What does it take for an incumbent governor–usually a figure no one on her or his partisan “team” would dare annoy much less defy–to spur a large number of distinguished fellow party members to publicly come out for the other side?

In the case of Kansas governor Sam Brownback, it’s a combination of incompetence and malice. His fiscal policies–especially a big high-end tax cut package that’s created a large hole in the revenue base and downgraded the state’s bond rating–are increasingly regarded as a disaster, at least by those not committed to the quasi-religious belief that taxes can never be too low or too regressive. But Brownback has also made it easy for moderate Republicans (once an abundant tribe in the Sunflower State) to take a walk by waging holy war on them in primaries.

And so they are taking a walk: more than 100 current and (mostly) former GOP elected officials have formed a group called “Republicans for Kansas Values,” and have en masse endorsed Brownback’s Democratic opponent, state representative Paul Davis, who actually led the incumbent by 6 points in the most recent (Survey USA) polling. While the endorsements may not matter individually, their sheer bulk is a signal to Republicans and Republican-leaning indies that it’s okay to vote the Donkey ticket this one time. Davis is, of course, following the same split-the-opposition strategy that carried Kansas for Kathleen Sebelius in 2002 and 2006.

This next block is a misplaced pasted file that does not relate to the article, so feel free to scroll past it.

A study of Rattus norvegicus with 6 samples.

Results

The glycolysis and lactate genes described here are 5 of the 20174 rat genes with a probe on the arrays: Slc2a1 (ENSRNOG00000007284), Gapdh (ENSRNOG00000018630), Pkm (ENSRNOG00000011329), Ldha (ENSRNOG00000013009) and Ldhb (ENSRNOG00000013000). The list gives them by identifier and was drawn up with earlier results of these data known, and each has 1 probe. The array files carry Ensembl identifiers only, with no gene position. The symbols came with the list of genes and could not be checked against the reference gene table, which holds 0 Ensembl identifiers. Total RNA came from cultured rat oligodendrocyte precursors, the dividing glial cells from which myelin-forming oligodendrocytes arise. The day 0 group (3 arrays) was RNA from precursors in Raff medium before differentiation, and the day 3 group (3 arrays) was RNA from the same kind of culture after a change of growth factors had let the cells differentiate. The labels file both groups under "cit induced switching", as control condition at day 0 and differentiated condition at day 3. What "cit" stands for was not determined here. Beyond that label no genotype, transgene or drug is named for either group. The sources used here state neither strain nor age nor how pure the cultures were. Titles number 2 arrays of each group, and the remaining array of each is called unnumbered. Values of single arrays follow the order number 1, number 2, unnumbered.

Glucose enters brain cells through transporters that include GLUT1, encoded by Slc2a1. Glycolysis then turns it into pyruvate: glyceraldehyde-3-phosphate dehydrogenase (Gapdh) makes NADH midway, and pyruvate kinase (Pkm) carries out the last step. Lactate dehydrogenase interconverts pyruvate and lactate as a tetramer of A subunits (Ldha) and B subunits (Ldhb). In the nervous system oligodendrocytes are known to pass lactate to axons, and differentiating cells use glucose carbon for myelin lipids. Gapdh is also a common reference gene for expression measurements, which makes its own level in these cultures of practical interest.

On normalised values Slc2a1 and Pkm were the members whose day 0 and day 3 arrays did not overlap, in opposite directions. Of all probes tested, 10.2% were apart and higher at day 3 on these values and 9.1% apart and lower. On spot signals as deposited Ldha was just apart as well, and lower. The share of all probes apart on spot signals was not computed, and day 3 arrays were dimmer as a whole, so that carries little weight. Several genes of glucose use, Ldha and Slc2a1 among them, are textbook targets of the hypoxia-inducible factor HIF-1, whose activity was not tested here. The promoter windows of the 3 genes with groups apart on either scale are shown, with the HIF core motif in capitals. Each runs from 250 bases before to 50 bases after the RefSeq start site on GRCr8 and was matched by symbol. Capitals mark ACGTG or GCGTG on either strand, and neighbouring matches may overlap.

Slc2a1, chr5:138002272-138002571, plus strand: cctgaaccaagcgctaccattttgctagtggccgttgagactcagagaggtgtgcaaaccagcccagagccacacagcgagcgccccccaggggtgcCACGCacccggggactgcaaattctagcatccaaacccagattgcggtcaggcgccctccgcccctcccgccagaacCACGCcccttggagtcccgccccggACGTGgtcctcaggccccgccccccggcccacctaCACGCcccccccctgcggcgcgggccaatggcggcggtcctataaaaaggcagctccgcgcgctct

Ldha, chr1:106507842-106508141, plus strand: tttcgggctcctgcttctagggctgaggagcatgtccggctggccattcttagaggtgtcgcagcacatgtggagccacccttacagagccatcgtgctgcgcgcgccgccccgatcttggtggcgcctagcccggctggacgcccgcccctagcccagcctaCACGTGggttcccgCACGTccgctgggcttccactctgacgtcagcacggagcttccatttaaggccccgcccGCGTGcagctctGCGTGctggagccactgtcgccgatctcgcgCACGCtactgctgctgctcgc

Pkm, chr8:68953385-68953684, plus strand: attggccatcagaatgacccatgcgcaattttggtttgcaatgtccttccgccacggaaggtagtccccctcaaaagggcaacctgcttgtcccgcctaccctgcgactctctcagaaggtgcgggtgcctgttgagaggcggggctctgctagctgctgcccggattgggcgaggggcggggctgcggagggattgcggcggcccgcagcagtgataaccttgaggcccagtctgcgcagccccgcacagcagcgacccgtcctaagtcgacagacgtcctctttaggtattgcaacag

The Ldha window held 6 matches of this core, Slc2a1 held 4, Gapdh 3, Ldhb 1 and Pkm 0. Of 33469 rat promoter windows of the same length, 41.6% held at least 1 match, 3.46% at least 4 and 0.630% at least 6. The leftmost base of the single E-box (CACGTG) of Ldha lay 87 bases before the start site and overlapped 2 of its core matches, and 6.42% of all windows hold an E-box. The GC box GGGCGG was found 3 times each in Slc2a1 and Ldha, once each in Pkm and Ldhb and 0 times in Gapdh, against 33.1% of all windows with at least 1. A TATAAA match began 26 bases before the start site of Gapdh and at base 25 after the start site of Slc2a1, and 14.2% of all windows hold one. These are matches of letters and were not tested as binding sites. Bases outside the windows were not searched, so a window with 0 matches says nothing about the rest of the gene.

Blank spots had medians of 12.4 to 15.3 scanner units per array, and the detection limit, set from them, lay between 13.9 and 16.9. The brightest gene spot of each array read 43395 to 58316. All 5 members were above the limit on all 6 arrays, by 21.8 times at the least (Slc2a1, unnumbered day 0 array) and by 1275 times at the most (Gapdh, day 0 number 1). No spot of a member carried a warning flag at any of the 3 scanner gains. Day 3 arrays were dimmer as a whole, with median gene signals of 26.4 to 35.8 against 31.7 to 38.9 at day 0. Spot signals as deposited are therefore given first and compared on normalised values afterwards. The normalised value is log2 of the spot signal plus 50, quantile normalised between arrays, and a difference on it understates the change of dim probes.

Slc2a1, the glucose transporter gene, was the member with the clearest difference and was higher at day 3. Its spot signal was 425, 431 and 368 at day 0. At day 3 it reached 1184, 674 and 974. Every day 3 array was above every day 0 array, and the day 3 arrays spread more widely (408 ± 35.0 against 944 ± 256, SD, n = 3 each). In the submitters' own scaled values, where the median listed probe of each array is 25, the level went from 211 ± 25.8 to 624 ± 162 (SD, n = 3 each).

What makes the Kansas situation significant nationally is that Brownback is very clearly elevating ideology over every other value–including his own electability. That he could be in trouble in such a favorable environment (Mitt Romney won there by 22 points in 2012, and Republicans have a better than 3-2 registration advantage) is a sign he’s determined to do as much damage to the Great Satan of government as he can, even if it risks a second term.